The term delegation describes the process used by a manager to shift some of the responsibilities for the task implementation to another team member. Delegation is key to improving team members’ feelings of involvement and ownership, and the ability to delegate is therefore considered to be an extremely important skill for a project manager.

The ability to delegate responsibility for tasks fully or partially to other people not only gives higher motivation to the team members, but also frees the project manager to be able to carry out other project tasks related more to her area of responsibility, such as planning, management, reporting, and coordination.


Although the process seems to be fully compliant with the major ideology of project human resource management, it does not necessarily mean the process of delegation will always be the same in different situations and with different people involved. The so-called Oncken’s levels of delegation include five stages for the process of delegation: "Wait until you are told"; "Ask what to do"; "Recommend, then do it"; "Act, but advise at once"; and finally, "Act on your own, routine reporting". It’s easy to see that the first stage requires lots of involvement of the delegator. In stage two, there is at least some initiative allowed for the delegatee. In stage three, the opinion of the delegatee about the issue becomes important to the delegator. Stages four and five are different mostly because of the urgency of reporting about the decision made and the actions undertaken by the delegatee.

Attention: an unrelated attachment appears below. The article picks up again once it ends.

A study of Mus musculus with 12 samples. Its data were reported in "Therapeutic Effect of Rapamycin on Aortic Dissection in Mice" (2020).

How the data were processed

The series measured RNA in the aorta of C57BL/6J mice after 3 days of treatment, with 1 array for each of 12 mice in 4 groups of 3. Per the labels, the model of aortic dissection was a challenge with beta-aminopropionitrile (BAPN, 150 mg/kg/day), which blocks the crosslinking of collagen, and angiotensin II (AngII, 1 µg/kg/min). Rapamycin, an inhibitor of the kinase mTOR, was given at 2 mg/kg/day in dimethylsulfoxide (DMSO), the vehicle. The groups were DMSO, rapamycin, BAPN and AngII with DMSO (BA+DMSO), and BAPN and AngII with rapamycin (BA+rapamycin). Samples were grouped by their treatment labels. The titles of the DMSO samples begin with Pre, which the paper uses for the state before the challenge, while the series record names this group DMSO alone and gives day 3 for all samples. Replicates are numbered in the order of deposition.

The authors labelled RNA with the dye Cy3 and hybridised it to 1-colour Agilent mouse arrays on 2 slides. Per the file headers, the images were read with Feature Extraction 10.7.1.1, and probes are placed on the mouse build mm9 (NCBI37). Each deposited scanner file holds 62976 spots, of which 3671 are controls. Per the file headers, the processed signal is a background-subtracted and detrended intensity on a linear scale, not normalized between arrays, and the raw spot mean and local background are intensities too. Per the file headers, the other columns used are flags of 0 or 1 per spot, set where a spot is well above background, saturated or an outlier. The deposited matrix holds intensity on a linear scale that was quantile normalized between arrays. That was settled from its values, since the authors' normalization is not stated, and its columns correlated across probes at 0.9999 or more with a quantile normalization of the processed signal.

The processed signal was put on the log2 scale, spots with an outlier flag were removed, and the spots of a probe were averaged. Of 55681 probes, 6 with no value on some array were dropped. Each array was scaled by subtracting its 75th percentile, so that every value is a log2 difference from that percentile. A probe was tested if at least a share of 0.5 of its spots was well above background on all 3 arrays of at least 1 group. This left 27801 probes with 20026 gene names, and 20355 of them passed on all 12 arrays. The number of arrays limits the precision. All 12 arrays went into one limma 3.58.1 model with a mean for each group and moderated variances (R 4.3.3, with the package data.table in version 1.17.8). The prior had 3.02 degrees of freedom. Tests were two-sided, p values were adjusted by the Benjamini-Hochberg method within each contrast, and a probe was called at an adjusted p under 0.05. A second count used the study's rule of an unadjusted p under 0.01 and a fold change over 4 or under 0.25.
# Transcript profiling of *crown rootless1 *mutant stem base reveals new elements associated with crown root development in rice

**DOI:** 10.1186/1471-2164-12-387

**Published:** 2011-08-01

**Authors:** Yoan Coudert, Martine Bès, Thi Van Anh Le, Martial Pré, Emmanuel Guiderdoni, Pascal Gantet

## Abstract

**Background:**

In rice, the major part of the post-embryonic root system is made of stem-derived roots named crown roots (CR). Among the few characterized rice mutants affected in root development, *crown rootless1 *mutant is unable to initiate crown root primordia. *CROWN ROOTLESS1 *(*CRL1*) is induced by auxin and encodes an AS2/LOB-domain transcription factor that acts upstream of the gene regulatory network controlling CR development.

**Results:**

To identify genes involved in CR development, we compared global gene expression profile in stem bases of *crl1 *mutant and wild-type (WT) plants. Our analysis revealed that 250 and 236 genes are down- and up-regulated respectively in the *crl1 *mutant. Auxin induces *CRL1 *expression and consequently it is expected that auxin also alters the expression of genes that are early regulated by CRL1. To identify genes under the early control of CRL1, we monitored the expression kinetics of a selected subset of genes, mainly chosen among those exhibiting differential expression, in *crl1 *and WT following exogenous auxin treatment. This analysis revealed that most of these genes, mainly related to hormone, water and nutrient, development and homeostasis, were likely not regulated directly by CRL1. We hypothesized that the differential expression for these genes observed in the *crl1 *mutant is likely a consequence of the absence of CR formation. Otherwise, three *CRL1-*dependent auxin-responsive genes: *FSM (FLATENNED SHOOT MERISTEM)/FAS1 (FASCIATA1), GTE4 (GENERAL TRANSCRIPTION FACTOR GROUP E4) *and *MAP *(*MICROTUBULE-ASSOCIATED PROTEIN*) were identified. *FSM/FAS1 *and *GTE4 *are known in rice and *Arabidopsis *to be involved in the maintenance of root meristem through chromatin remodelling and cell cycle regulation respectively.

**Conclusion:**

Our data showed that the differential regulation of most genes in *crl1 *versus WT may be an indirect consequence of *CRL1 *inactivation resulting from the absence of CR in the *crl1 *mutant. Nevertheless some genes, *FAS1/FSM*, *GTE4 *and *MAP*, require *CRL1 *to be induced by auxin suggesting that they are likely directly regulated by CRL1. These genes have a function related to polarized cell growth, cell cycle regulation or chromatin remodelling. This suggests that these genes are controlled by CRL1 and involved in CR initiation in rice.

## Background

Although it seems as if the five stages of delegation describe very well the development of trust and responsibility of team members throughout the course of project development, from early to late stages, this can also depend on other circumstances such as the degree of importance of a certain activity or task. It is also possible that the same person can be in one stage of delegation with one task and in a different stage with another task, and it takes lots of communications and attention from the delegator in order to make it completely clear to the team member so that he is not confused.